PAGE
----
Defra addresses secondary legislation drafting error over EU pesticides law

Defra is addressing a drafting error that led to accusations from an environmental campaign group that the government had gone back on its pledge not to weaken environmental law.

Secondary legislation published in March that carries over EU pesticides law onto the UK’s statute books omits key paragraphs that bar products with endocrine-disrupting properties from being approved by regulators, according to ENDS Report

"An active substance shall only be approved if…it is not considered to have endocrine disrupting properties that may cause adverse effects in humans, unless the exposure… is negligible," reads one omitted paragraph, which appeared in an EU regulation adopted in 2009.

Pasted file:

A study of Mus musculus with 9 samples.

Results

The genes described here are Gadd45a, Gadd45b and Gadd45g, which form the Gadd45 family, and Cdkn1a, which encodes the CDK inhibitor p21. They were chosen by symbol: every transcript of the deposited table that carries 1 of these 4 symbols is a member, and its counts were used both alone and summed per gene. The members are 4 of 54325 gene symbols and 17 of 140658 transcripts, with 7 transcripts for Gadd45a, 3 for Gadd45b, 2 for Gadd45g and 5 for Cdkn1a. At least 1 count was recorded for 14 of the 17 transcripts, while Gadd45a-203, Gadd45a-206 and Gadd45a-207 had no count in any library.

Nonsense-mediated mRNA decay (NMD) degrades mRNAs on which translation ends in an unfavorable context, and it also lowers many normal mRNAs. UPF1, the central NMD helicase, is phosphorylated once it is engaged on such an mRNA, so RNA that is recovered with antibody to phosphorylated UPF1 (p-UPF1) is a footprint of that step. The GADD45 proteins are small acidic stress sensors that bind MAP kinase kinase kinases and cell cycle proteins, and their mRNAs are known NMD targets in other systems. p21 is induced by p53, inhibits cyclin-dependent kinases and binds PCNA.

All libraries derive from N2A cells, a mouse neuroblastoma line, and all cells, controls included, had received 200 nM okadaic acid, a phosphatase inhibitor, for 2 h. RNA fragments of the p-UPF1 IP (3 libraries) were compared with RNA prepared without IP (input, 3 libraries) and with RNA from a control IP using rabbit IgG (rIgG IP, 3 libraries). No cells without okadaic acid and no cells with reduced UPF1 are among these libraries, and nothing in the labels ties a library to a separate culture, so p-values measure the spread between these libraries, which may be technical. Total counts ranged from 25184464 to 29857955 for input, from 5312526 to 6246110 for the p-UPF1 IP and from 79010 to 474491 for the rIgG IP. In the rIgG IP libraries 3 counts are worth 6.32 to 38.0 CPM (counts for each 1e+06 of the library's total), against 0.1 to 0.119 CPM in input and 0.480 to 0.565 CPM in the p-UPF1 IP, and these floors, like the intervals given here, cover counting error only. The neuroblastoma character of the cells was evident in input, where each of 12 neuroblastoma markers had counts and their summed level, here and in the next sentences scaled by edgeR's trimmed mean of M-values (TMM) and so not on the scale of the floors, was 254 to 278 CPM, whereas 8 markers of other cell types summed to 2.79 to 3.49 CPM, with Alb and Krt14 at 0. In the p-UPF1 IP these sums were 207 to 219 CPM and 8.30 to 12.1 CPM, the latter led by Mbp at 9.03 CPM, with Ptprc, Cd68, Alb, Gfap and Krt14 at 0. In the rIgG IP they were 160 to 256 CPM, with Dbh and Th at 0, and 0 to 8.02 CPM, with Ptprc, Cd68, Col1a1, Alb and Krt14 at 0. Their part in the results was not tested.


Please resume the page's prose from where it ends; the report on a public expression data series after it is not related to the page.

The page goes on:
A letter from the environmental campaign group CHEM Trust says the exclusion which was originally identified by researchers at the UK Trade Policy Observatory would permit "the approval of substances, safeners or synergists containing endocrine disrupting proprties that may cause adverse effects on non-target organisms and the wider environment" by omitting protections relating to the approval of endocrine-disrupting plant protection products.

DEFRA’s legislation also omits a paragraph in the EU regulation that extends the "negligible exposure" limit to the wider environment, representing a "significant weakening of the EU regime with potentially far-reaching consequences", the letter states.

A spokesperson indicated DEFRA is "promptly addressing" what they described as a "drafting error" in the relevant statutory instrument, ENDS Report says. 

The spokesperson added: "The UK’s high level of environmental protection will be maintained outside the EU whether we leave with or without a deal – including maintaining controls on endocrine disrupting chemicals."

The UK Trade Policy Observatory’s remarks can be found here.